Archbishop refuses to lift '˜significant cloud' left over Bishop Bell

The Archbishop of Canterbury has refused to apologise for his response to a report into the Church's handling of historic sex abuse claims against Bishop Bell.

Tuesday, 23rd January 2018, 12:54 pm
Updated Friday, 8th June 2018, 12:40 am
The Archbishop of Canterbury, The Most Revd Justin Welby

His comment that ‘a significant cloud had been left over’ the Bishop Bell’s name had provoked anger from campaigners pushing for George Bell to be celebrated again following the review by Lord Carlile, which found the Church ‘rushed to judgement’.

Responding yesterday, the Most Rev Justin Welby said he ‘cannot with integrity’ rescind his statement, in which he also said the Church would continue to name alleged perpetrators of sexual offences.

He said: “Our history over the last 70 years has revealed that the Church covered up, ignored or denied the reality of abuse on major occasions.

George Bell was Bishop of Chichester from 1929 until his death on October 3 1958

“I need only refer to the issues relating to Peter Ball to show an example.

“As a result, the Church is rightly facing intense and concentrated scrutiny (focussed in part on the Diocese of Chichester) through the Independent Inquiry into Child Sexual Abuse (IICSA). Our first hearing is in March.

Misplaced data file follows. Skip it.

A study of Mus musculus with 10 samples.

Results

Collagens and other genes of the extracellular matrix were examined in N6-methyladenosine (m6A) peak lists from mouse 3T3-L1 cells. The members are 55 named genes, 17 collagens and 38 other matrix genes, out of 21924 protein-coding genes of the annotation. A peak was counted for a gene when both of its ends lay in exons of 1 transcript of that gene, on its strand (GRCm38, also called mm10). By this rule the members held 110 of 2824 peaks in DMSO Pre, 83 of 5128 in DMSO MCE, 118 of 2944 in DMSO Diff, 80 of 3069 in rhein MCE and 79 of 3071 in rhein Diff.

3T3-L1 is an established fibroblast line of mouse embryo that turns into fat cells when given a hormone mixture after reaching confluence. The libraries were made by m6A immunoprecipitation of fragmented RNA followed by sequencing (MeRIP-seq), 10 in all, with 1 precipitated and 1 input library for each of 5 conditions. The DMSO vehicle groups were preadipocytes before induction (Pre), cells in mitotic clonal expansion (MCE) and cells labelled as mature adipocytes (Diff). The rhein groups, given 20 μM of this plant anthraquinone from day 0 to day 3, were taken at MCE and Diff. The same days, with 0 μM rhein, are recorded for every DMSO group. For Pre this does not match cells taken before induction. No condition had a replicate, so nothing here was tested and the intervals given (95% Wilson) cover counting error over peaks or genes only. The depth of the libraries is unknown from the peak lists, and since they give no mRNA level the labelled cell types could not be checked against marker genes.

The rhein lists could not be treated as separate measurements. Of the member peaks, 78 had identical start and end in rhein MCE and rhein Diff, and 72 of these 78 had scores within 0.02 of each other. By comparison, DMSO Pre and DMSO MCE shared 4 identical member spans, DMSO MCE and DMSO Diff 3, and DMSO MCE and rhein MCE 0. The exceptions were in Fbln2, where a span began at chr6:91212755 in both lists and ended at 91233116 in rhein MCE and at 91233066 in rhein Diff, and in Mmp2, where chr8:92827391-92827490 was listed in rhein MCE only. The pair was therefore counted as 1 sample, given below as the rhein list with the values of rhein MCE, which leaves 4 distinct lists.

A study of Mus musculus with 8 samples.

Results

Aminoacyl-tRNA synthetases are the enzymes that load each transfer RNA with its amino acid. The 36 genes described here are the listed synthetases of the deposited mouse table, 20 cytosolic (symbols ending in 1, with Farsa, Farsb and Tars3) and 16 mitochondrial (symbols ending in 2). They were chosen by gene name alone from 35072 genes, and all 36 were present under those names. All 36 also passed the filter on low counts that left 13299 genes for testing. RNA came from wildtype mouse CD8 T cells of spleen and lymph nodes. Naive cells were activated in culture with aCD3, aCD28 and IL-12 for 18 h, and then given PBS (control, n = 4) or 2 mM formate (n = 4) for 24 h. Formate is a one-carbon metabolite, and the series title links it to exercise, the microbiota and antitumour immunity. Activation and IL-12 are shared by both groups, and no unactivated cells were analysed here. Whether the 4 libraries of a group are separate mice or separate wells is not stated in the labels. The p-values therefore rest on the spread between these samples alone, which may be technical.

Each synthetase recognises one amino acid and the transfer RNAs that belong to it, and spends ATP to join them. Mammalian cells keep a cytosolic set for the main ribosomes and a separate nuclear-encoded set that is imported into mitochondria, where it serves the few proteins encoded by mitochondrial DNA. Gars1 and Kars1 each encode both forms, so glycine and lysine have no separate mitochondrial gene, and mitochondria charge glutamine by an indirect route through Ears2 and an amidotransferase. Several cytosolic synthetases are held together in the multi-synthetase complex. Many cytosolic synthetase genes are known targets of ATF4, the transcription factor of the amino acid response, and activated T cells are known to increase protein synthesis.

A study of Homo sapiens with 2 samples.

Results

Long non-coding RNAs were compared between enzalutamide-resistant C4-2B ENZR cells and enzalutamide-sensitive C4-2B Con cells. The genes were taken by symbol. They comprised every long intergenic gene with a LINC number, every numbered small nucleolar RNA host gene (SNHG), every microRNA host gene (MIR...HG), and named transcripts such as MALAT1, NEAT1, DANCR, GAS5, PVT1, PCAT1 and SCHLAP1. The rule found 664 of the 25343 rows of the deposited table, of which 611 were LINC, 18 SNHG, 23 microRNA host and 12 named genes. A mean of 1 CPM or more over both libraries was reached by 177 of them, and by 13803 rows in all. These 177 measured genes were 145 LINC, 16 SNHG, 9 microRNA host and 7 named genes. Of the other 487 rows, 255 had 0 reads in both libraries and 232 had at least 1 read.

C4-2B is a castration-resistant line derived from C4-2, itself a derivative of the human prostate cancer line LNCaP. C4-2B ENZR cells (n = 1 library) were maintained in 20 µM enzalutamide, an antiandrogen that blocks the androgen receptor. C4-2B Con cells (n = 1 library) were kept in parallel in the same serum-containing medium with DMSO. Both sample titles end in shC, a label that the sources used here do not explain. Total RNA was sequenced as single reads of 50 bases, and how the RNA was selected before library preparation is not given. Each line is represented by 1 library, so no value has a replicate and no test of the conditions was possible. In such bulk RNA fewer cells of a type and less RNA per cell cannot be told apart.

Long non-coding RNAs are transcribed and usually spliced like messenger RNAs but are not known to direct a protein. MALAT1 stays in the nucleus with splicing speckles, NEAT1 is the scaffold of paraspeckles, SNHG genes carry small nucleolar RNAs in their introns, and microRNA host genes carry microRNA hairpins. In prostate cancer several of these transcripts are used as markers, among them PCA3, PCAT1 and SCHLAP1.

“The Diocese of Chichester was given legal advice to make a settlement based on the civil standard of proof, the balance of probability.

“It was not alleged that Bishop Bell was found to have abused on the criminal standard of proof, beyond reasonable doubt.

“The two standards should not be confused.

“It should be remembered that Carol, who brought the allegation, was sent away in 1995, and we have since apologised for this lamentable failure; a failure highlighted by Lord Carlile.”

He added that abuse was ‘often kept very secret’ but reiterated his previous comments that Bishop Bell was one of the ‘greatest Anglican heroes of the 20th century’.

Bishop Bell, who was Bishop of Chichester from 1929 until his death in 1958, was commended for his work supporting the anti-Hitler resistance.

The Bell Society had invited clergy to a ‘Rebuilding Bridges’ event in Westminster on February 1, with the aim of securing pledges to ‘restore Bishop Bell’s place in history’.

Measures being called for include 4 Canon House in Chichester being returned to its former name of George Bell House.